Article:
History of Mercy High School
Recognizing the need for Catholic secondary education in Middlesex County, the Diocese of Norwich opened Mercy High School for girls and Xavier High School for boys in 1963. Mercy High School's first class of young women began school under the direction of the Sisters of Mercy in temporary quarters on the second floor of Xavier High School. On Palm Sunday, March 22, 1964, the groundbreaking ceremony for Mercy High School took place. City officials and members of the clergy from throughout Middlesex County assisted His Excellency the Most Reverend Vincent J. Hines, D.D., Bishop of Norwich. The blessing ceremony of the Mercy High School building was held in September 1965 and classes began at that facility.
The original purpose of the school was "to aid in the formation of young Catholic women and to help prepare them to take their proper places in life, while being at the same time, practically conscious of their eternal destiny." Mercy High School continues to provide a Catholic education for young women within a community atmosphere. The purpose of their education is to prepare the students to meet the challenges of today's world.
Four principals have guided the school in this mission: the Reverend John Kane (1963-1971), the Reverend Daniel McGrath (1971-1978), Sr. Mary McCarthy, RSM (1978-2012) and Mrs. Melissa M. Bullock (2012-present.) In 2012 the Board of Trustees announced an administrative structure change. Mercy High School adopted the President and Principal model of governance with Sr. Mary McCarthy, RSM as President of Mercy High School.
In 1994, Sr. Mary McCarthy recommended the creation of a principal's council to serve in an advisory capacity to the school. This was approved by the Bishop of Norwich. In 1999, the governance of the school changed to a board of trustees. At that time a special agreement was established to formalize the continuing support and influence of the Sisters of Mercy at Mercy High School. To guide the school in its continuing growth and development, a strategic plan was developed by the principal's council in 1994, and updated by the Board of Trustees for 2000-2005 and again for 2005-2010.
The most recent strategic plan was developed in September, 2011. Progress on the plan is updated and reviewed annually by the Board of Trustees.
The spirit and teachings of the Sisters of Mercy and their foundress, Catherine McAuley, are an integral part of the teaching and spirit of the Mercy High School community. A deep understanding of Catherine's vision of service and commitment to the education of young women has been fostered throughout the history of the school.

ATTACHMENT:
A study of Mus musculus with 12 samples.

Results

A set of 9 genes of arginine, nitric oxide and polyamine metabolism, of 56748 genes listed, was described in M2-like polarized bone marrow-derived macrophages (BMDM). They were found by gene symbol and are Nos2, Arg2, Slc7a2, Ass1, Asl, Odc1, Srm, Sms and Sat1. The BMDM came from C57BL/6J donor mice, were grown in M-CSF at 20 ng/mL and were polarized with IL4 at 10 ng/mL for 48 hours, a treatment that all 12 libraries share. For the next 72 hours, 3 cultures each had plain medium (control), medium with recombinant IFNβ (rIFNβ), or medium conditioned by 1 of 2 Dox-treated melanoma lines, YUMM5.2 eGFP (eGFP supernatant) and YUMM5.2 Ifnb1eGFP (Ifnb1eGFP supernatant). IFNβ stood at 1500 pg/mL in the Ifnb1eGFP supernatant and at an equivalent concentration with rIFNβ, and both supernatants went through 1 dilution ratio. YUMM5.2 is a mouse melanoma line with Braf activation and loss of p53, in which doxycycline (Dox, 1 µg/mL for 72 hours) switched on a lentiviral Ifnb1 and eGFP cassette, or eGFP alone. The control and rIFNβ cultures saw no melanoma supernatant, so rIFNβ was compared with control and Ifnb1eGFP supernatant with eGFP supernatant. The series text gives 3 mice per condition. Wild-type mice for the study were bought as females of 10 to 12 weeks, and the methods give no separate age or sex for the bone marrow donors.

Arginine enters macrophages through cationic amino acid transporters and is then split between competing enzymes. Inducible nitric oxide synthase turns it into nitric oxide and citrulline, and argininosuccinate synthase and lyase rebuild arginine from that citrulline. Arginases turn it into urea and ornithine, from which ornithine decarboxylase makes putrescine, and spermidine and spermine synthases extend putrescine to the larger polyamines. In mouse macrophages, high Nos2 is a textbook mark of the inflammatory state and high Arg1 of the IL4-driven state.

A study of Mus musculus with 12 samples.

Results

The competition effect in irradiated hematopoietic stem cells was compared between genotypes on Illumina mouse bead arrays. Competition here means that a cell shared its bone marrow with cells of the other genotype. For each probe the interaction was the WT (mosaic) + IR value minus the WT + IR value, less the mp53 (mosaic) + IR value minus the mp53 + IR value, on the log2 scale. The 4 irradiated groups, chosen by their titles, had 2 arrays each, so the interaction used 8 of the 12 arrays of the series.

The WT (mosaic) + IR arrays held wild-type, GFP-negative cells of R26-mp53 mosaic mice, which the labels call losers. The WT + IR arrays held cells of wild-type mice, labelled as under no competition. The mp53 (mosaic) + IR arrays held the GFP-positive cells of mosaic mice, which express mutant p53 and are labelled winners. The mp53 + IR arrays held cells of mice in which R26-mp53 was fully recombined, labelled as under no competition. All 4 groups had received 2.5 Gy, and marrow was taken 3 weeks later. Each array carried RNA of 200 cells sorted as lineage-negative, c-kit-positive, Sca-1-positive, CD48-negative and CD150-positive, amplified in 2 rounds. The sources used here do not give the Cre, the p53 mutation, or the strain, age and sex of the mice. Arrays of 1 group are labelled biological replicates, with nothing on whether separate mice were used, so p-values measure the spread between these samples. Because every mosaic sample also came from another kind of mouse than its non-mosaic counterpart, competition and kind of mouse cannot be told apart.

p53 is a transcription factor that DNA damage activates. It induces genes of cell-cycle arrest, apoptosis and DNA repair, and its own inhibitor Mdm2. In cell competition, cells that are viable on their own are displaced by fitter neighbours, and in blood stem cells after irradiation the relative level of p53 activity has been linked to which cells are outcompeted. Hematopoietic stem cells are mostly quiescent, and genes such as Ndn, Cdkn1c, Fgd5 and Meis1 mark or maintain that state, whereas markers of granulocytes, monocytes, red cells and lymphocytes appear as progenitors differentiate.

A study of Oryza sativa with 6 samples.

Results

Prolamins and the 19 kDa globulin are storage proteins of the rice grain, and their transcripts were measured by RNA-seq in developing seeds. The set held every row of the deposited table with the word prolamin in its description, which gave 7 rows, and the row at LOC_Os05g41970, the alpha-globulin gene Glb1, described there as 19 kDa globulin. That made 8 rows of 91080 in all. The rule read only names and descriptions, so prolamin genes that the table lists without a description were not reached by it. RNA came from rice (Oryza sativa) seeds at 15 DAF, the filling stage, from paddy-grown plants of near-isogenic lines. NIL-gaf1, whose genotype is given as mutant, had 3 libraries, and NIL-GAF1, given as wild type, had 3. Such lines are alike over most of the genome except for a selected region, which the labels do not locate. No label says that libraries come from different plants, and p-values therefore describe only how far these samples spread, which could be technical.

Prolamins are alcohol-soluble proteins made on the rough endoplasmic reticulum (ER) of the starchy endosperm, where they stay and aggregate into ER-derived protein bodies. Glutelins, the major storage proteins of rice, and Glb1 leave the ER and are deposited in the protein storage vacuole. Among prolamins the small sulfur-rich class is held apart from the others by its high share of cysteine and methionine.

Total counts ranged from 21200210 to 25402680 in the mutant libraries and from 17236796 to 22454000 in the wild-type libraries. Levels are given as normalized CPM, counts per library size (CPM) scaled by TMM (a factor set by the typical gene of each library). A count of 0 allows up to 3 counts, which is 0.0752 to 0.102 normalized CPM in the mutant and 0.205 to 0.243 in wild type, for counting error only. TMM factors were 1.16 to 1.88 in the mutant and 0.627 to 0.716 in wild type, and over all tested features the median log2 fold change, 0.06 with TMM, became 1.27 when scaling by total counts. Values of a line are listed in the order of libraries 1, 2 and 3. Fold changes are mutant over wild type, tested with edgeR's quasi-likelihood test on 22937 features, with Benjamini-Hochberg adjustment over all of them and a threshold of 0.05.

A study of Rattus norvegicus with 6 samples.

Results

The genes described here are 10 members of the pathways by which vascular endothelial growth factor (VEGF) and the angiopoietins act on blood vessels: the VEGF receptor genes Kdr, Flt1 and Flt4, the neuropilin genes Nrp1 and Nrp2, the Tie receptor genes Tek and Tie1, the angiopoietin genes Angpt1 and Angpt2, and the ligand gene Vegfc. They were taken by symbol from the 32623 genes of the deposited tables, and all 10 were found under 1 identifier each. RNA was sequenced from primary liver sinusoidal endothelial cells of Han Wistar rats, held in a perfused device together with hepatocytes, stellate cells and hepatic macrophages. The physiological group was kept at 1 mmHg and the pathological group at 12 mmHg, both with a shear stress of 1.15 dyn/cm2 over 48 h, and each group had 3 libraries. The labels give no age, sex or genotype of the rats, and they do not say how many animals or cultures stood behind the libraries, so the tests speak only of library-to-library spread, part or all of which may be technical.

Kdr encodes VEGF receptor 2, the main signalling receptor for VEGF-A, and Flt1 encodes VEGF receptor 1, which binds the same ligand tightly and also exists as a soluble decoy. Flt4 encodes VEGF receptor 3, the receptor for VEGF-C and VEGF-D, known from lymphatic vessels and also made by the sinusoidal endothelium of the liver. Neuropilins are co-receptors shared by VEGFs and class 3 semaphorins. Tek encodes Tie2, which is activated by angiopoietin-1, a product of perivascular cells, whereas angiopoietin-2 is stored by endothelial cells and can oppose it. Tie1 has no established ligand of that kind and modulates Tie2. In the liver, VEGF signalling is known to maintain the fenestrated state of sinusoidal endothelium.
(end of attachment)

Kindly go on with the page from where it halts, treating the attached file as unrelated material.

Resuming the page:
It is with this vision and response to the need to grow that Mercy has continuously improved its facility, curriculum and services, while retaining its identify as a Catholic college preparatory school for young women. To enhance the academic program and meet the ever-changing needs of students, the former convent was renovated into a "new wing" to include classrooms, guidance department suite, art rooms, a darkroom/photography lab, two computer labs, and offices. The library media center was enlarged, a computer lab was added, and all science labs were renovated. Wireless technology was installed, and all faculty received laptop computers for classroom instruction, research and professional development. Mercy also participates in Mercy Learning Online, a distance-learning program established by and for Mercy secondary schools. Athletic fields have been renovated and expanded, and upon completion of a successful capital campaign, a new state of the art gymnasium was opened in 2007.
Mercy programs now extend beyond the physical walls of the school and include Go The Mile, a leadership program for students which has been held at St. Joseph College in West Hartford, CT.; a sister school arrangement with Catherine McAuley High School, a Mercy school for girls in Brooklyn, New York; and a unique "twinning arrangement" with Foyer des Files de Dieu, an orphanage for girls in Haiti. Mercy High School is a member of the Network for Mercy Education and Mercy Secondary Education Association, comprised of 43 Mercy secondary schools in the continental United States and five countries abroad.
Mercy High School received initial accreditation from the New England Association of Schools and Colleges in 1973, and was reaccredited in 1983, 1993 and 2003. As the Mercy High School community looks to the future it is proud of its rich heritage and traditions, and looks forward to continuing to educate young women for many years to come.